The notoriety of the municipality of Lac-Simon centres principally around its vast lake displaying a 74 km circumference and a depth of 45 metres. It is a genuine aquatic playground, particularly in summer.
During summertime, boaters can, for a fee, use a boat ramp to access the lake. Access to the municipal beach is free. You will also find a mini-golf course (fee charged), a bocce ball court and a dog park. Every summer, Lac Simon’s traditional fireworks display draws large audiences.
Come winter, you will find a lighted woodland skating trail and a tubing run. And don’t miss the Beach party featuring many winter activities. You can also enjoy 16 km of cross-country and snowshoeing trails.
The municipality provides other attractions, among them the Denis-Papin Lookout offering a breathtaking view of the lake from a privileged point of view. Overlooking Creuse Bay, it is located near 2000, chemin du Tour-du-Lac.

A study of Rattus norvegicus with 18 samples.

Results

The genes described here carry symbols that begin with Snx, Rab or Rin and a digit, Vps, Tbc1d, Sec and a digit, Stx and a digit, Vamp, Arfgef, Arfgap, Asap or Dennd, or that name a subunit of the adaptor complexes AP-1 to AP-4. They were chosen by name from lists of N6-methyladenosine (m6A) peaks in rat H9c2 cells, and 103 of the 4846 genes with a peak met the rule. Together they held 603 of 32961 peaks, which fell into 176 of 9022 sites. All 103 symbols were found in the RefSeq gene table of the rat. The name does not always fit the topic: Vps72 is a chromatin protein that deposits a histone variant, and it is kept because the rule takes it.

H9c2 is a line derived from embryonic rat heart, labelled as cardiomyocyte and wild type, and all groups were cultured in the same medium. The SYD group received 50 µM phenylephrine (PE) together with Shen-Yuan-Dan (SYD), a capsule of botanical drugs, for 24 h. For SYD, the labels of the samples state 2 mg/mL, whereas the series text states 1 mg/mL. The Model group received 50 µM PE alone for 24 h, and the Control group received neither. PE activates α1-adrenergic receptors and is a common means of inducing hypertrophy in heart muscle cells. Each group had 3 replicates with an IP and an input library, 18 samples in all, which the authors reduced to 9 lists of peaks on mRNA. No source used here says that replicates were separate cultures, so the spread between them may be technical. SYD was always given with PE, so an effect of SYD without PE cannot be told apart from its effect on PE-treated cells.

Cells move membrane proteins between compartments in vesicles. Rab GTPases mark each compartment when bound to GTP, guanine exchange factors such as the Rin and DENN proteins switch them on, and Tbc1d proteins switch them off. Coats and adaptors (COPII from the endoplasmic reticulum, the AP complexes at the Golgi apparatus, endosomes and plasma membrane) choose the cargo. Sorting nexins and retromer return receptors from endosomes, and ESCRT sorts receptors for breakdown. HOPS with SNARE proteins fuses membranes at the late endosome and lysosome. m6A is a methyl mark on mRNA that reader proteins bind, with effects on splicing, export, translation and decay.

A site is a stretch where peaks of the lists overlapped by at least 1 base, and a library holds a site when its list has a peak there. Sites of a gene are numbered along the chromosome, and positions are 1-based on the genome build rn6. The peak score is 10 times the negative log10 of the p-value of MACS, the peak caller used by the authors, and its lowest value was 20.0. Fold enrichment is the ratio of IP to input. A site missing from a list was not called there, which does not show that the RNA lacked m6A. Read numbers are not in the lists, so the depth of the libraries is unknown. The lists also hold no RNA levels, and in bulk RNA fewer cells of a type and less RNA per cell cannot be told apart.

Canard Blanc Island is another of Lac Simon’s features. Three kilometres in length, it is topped by des Étoiles lake, formed on top of the island’s mountain by a meteorite’s impact. The lake is also known as “Turtle Lake” because of the many reptiles who make it their home.
Manitou rock is also a noteworthy feature. Located on the west shore of the lake, it is a monolithic wall, slightly inclined inwards, facing the rising sun and immersed in the lake’s waters. Hikers venturing closer can discern the shape of the Manitou representing the head of an Indian chief. Authenticated by researchers at Université du Québec à Montréal and Université Laval in Québec City, Manitou rock is the largest archeological expression of rock art in the Petite Nation area. Few rock art sites have been identified in Québec. Historians of rock art have not yet dated the paintings but agree that they belong to the Algonquian culture.